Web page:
Dragon Friend

Master : A player of the Great Game. Must be clever enough to modify cultures and races, cruel and manipulative enough to wish to do so, and awesomely powerful enough to withstand the culture's desire for revenge.

I reigned in far too sharply. The mayor's horse had been nervous all along, picking up my mood The sudden shift caused him to dance. On the edge of the forest stood an elf woman, slender and tall, dressed in a simple grey working garment that the elves would consider practical for hunting troll, man or beast. It was none the less far more elegant in it's simplicity and perfect cut than Manchester's clumsy attempts at raiment suitable for dragon gift. Grey? I blinked, thinking the Starsight spell. Her suit flared into a brilliant color for which the humans have no name, centered well up in the ultraviolet spectrum. It was the house color of the Elafayin, the Riders of Elar. Her eyes were a deep blue, rather than the usual elfin green, matching precisely the sky straight above. Elfin women normally wear their hair long, straight, and in one of three distinct styles. They were thus either 'paired,' 'single and interested,' or 'single and content.' Her hair was a mass of untamed curls, following no plan, generating the effect of a small cloud on a summer's day. On her breast was a small emblem, the dagger of the Elafayin, under a coronet indicating her to be the Lady of her house.

There are roughly eight hundred dragons, scattered about the world. Young or old, they represent as much trouble as a anyone would want to get into. There are only seven Masters at any given time, and each in his or her own way is worse. As an individuals, the Masters create troubles on a far larger and far more massive scale than any dragon, excepting he who is both, the Master of Dragons, Imyr the Holocaust. Masters of the Great Game vie to shape the whole world to their image of what it should be. They think of dragons, kings, gods and whole races alike as pawns to be shifted about on their game board. Their power is great. Their mercy doesn't exist. Talora's presence here changed everything, or perhaps nothing.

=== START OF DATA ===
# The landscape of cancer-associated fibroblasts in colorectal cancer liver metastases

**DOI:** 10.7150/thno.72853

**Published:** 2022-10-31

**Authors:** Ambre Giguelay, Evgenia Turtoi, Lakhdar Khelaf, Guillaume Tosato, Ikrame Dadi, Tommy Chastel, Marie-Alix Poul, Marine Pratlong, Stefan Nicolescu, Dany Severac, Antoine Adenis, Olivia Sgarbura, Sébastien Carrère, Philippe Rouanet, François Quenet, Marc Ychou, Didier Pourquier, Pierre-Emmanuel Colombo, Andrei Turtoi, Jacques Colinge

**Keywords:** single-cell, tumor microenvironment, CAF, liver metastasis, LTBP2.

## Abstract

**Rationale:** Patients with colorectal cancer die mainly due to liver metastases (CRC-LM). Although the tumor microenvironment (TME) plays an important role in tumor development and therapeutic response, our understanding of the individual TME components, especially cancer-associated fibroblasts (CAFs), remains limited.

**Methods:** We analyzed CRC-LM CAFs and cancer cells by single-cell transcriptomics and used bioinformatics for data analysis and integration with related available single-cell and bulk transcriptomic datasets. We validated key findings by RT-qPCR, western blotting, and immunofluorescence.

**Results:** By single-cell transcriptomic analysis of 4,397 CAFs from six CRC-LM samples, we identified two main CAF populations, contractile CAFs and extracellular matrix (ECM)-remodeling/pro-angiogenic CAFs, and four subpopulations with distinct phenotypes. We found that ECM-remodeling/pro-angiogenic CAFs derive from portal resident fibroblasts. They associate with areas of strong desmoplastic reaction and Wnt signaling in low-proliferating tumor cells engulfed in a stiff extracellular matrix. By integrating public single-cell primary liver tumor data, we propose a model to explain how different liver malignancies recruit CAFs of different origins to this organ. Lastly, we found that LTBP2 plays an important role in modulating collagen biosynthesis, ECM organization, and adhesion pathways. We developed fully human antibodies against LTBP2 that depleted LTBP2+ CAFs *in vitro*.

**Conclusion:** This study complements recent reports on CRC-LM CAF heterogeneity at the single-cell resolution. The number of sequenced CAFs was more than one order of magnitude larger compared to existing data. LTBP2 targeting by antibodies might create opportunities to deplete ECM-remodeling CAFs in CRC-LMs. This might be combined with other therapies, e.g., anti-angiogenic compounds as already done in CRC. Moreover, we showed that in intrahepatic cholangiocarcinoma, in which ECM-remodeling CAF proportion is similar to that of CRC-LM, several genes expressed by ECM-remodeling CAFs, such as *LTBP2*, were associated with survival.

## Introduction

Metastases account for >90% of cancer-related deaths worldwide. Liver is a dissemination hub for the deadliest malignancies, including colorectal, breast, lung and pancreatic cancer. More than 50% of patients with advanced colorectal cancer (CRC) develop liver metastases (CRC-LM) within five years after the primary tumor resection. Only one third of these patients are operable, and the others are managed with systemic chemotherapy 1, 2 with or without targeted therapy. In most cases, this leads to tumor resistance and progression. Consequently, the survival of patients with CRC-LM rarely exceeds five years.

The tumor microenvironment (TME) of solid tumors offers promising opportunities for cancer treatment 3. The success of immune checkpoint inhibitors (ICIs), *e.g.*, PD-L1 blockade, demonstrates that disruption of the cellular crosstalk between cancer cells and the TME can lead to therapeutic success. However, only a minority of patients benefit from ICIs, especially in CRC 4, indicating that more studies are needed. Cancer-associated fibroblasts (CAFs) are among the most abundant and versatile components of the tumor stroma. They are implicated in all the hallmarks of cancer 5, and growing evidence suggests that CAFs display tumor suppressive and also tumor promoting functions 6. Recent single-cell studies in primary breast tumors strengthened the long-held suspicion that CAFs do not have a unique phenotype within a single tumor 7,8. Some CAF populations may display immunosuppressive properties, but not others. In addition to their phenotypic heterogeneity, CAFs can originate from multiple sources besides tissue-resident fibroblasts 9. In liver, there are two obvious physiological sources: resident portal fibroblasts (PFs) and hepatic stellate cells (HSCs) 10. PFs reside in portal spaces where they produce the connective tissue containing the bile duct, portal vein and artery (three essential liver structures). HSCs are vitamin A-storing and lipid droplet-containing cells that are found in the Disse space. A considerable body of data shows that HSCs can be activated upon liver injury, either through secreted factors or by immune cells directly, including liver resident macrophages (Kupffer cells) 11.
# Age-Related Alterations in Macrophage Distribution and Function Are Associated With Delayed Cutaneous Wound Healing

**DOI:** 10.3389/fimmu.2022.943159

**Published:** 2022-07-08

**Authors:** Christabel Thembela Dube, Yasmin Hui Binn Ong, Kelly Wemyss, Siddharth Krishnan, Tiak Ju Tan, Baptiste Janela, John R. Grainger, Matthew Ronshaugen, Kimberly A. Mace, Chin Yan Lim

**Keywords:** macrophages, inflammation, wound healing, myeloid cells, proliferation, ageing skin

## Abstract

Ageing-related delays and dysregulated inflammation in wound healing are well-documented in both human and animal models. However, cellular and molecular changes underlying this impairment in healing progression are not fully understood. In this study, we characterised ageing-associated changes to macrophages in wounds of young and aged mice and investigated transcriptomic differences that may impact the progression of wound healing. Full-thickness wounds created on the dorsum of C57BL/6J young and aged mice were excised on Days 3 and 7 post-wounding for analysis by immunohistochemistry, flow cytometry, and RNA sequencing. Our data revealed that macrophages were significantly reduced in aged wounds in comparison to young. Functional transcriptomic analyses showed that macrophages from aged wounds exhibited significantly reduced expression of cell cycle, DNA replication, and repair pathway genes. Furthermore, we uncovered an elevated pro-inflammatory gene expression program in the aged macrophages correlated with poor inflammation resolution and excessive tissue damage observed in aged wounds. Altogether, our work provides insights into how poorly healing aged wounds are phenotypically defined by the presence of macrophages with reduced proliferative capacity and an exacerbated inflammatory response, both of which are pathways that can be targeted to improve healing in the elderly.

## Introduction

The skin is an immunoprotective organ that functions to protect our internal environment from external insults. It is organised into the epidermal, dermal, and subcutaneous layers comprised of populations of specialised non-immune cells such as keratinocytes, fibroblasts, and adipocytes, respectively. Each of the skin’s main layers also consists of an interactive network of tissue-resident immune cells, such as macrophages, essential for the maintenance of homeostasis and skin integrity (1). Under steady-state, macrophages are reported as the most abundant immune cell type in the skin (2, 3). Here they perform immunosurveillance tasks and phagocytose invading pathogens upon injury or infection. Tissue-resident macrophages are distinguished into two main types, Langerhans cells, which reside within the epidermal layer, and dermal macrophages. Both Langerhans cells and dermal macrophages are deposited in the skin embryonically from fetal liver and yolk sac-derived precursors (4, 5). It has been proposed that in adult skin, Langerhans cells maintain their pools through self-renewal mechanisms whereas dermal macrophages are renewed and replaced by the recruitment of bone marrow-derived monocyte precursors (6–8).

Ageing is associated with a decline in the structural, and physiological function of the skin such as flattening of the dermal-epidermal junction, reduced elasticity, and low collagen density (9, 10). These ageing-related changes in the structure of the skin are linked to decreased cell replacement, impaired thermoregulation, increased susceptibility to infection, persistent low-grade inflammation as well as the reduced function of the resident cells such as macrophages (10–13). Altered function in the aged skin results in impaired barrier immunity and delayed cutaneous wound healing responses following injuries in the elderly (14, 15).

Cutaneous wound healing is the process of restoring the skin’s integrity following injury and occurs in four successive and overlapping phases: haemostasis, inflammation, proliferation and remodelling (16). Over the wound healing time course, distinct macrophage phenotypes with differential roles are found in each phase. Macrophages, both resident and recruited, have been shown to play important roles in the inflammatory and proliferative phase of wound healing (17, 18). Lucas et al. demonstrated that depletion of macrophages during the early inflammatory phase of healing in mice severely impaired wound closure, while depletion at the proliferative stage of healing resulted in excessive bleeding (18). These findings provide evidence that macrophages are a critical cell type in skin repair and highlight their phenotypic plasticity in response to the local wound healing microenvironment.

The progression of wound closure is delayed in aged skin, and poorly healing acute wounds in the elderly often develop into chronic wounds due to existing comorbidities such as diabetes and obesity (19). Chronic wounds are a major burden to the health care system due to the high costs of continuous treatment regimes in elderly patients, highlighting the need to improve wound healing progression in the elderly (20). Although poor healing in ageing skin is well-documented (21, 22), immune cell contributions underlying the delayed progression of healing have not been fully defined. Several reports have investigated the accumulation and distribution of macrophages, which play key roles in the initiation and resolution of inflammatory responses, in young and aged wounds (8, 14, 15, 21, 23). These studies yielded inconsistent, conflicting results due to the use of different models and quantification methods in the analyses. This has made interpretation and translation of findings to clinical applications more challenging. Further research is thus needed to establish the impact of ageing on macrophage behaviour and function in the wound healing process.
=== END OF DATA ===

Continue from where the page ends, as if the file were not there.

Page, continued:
I ran the list. Odin will drag you to his gallows-alter by a noose around your neck. Kali death dancer will cut you with many swords, carefully, so her torturers will be able to worship her properly. Great Cthulhu will strip your sanity forever from you mind, not with his glance, but with yours. Flight from Imyr the Holocaust's first rampage had caused a massive migration of humans away from his lair. The armies of the Roman Empire and staggered and fell trying to stem that tide of panicked and desperate refugees. Gorumthar of Trollheim's fires are slower. He will roast you alive over an open pit, slowly, and serve you at troll feast. Beelzebub's fires are both slow and hot, and you will pay for all eternity as the price of his aid.

But Talora will sit you down at her side at a high feast table. You will starve to death because she keeps you too busy talking and listening to eat. Listen to her advice, and you can not win. Disregard her advice and you lose. Close your ears, and find yourself friendless. Open them, and find death. While the other Masters rule through trickery, threat, or brute force, Talora's prime weapon is a forked tongue. During World War III, she had organized the human defense of North America, rallied the mixed human-elfin-sidhe defense of Britain, retrieved the Holy Grail for the Christians, a Raven Banner for the vikings, stole the Spirit Set of the Amerinds, then returned it, blocked the triumphant return of Arthur to the throne of England, reworked Draconic culture by issuing Talora's Laws, and rebuked God, saying "If Your kingdom is not of this world, then begone until You've matured enough to take responsibility for Your own inaction." All the while she was uttering praise for the plans and motivations of Dark Lord, Dardan, who was trying with great vigor and success to slay most everybody everywhere.

After the crisis, someone pointed out that in working with almost everyone involved in all sides of the war, she must have betrayed someone. She considered this for a few minutes, and replied. "I'm sure you must be right. I'm just not sure who." That pronouncement opened a new and fascinating inquiry for scholars of all races and political affiliations. No solid defence has been proposed to prevent her from pulling such stunts again.